Biopharma companies manufacture pharmaceutical drugs extracted or semi-synthesised from biological sources.
They are different from totally synthesised pharmaceuticals: they include vaccines, blood, blood components, allergenics, somatic cells, gene therapies, tissues, recombinant therapeutic proteins and living cells used in cell therapy. Biological components are isolated from living sources—human, animal, plant, fungal, or microbial.
Sodium hydroxide is widely accepted for the following applications:
- Facility and equipment sanitisation
- Chromatography column resin cleaning, sanitisation and storage and pH adjustment of process streams
The benefits of its use include efficacy, low cost and ease of detection, removal, and disposal. Sodium hydroxide has been shown to be effective in removing proteins and nucleic acids as well as in inactivating most viruses, bacteria, yeasts, fungi, and endotoxins. It is common practice in industrial manufacturing to save time by adding a salt, such as sodium chloride, to the sodium hydroxide solution to combine cleaning with sanitisation.
We offer sodium hydroxide solutions produced under cGMP. Currently we provide a range of concentrations of sodium hydroxide but we can manufacture any required concentration.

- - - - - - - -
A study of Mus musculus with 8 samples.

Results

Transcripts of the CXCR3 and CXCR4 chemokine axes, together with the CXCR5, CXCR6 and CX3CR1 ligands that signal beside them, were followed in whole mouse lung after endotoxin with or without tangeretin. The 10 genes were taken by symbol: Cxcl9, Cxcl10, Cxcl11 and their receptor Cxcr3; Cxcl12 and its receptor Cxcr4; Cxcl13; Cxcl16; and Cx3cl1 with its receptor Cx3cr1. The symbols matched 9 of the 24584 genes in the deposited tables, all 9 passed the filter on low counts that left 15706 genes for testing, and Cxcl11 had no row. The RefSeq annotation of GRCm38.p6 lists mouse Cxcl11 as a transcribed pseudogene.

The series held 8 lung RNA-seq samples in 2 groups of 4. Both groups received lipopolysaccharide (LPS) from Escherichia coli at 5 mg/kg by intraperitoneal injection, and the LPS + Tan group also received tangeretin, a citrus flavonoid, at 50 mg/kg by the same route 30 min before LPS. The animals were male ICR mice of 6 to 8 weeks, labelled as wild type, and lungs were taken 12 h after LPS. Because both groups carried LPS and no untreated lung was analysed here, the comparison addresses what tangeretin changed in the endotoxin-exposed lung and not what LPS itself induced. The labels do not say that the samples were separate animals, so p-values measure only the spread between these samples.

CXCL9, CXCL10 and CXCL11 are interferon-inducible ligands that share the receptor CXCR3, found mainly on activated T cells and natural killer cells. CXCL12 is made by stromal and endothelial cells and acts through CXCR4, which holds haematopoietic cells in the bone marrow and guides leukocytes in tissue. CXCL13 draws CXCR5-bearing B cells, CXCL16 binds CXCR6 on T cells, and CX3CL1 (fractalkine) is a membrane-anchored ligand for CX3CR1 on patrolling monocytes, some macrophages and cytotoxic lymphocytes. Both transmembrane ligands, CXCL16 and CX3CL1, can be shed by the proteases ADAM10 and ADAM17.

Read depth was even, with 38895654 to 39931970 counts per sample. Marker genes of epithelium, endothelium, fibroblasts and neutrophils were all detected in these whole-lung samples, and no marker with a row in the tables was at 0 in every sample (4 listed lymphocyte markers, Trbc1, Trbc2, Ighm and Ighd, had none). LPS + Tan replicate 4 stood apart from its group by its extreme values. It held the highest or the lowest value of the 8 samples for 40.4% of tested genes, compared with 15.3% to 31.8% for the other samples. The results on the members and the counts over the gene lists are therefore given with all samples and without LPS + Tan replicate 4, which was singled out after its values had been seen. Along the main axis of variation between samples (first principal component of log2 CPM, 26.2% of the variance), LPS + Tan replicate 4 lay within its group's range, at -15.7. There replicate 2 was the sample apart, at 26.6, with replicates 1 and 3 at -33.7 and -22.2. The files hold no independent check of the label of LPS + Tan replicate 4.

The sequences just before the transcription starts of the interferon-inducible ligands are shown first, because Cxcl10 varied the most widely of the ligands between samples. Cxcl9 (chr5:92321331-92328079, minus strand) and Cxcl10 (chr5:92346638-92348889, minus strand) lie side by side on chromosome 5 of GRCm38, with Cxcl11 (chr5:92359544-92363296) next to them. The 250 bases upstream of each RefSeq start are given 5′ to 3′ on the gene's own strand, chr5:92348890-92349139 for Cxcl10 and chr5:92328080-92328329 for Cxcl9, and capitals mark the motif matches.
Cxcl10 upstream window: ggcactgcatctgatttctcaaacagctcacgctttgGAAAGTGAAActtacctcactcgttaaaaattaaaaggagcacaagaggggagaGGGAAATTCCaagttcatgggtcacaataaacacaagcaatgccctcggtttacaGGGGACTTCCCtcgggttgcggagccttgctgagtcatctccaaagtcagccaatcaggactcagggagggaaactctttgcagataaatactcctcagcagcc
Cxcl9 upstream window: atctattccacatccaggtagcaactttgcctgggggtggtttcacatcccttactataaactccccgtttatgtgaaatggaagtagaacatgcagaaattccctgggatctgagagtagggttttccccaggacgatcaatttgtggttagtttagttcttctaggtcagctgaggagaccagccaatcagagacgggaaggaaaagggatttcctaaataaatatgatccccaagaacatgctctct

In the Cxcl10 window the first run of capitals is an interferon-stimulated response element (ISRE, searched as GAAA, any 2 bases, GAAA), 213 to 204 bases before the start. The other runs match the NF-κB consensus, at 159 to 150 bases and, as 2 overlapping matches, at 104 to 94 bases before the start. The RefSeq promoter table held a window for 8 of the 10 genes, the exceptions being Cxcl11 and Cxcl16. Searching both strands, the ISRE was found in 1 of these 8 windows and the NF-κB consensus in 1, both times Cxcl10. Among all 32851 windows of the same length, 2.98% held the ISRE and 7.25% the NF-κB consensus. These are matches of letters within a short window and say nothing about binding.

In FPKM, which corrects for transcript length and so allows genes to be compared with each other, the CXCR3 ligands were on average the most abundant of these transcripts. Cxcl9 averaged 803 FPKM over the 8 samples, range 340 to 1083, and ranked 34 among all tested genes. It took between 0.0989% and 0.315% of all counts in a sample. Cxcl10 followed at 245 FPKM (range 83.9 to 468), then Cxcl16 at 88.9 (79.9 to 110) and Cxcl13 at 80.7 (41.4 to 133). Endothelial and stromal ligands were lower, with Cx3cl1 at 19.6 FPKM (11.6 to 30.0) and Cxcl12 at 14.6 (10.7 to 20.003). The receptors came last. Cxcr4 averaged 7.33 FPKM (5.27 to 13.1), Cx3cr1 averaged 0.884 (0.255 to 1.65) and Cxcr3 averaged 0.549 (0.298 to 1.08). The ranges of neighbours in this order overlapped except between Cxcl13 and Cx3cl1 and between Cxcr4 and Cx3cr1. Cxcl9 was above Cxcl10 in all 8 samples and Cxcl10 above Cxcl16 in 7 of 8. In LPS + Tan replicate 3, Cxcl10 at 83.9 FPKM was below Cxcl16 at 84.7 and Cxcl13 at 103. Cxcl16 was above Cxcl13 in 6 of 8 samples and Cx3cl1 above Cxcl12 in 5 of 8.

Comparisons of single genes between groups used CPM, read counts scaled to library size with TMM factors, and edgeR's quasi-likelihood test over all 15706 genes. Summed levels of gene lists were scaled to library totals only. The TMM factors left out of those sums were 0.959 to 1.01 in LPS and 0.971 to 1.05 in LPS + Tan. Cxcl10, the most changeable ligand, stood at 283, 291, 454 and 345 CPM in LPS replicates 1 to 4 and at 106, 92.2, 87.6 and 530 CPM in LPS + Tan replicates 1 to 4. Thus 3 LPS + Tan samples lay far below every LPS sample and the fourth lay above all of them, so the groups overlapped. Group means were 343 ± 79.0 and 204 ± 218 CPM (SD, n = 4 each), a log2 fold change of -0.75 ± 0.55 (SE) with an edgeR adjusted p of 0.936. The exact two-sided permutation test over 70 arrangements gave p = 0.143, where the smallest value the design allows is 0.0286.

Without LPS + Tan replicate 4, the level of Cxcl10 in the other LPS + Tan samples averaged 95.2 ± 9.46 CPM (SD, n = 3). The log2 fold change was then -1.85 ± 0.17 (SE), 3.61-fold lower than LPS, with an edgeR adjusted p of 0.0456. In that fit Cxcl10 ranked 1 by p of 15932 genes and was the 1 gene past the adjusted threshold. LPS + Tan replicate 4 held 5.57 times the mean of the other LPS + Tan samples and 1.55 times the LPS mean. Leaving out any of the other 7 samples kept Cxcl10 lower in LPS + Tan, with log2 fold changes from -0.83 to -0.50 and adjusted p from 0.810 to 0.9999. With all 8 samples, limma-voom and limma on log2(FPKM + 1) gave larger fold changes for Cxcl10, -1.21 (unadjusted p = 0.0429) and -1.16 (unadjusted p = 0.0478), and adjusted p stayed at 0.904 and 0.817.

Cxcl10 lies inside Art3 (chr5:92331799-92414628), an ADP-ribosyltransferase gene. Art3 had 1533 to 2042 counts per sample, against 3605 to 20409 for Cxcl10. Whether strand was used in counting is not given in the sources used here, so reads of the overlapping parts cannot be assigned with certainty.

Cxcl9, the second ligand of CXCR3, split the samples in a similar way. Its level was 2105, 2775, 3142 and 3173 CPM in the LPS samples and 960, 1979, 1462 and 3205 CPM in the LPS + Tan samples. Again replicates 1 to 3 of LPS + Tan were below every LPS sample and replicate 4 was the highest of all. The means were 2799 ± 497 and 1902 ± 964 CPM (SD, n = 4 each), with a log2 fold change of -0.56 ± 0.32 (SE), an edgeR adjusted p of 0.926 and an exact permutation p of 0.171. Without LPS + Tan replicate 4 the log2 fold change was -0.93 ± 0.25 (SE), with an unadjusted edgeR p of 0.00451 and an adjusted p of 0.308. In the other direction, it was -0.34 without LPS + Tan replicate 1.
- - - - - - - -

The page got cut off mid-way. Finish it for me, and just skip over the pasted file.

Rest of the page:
Sodium hydroxide 30% GMP
Sodium hydroxide 32% GMP
Sodium hydroxide 50% GMP
Sodium hydroxide 2M /
Sodium hydroxide 3M GMP
Different presentations are available: 1l, 25 l, 200l, IBC 1000l
Endotoxins level up to < 0.25 IU/ml can be guaranteed (depending on NaOH concentration)
Microfiltered by 0.2 µm on request is available
- Proteins: dissolves, denatures
As a cleaning agent, sodium hydroxide saponifies fats and dissolves proteins. The ability of sodium hydroxide to remove proteins and nucleic acids from chromatography media depends on the nature of the media, the sample and sample contaminants that may interfere with cleaning efficiency:
- Nucleic acids: dislodges from resins
- Lipids: saponifies rendering them soluble
- Anti-microbial: Kills viruses, bacteria, yeast, fungi
- Inactivates prions and endotoxin
The CIP protocol depends on the resin selected for the process: if resistant resins, a certain concentration of the solution of NaOH will be recommended, if non-resistant resins a combination of NaOH and NaCl solution will be more suitable.
Chromatography columns may become contaminated by a variety of proteins and non-protein species during a purification campaign. A column contamination may include an:
- Increase in column backpressure
- Loss of signal resolution
- Altered product yield
- Medium discoloration
|1-2M NaOH, tributilfosfat=triton/tween|
|1-3M NaCl, 1-2M NaOH|
Residual proteins, DNA
|Citric acid, EDTA|
Residual proteins, lipids
|Urea, Etanol, isopropanol|
Residual proteins, lipids
The cleaning strategy that gives the most dependable results is the combination of NaCl and NaOH. This combination has been repeatedly proven to achieve the best decontamination results.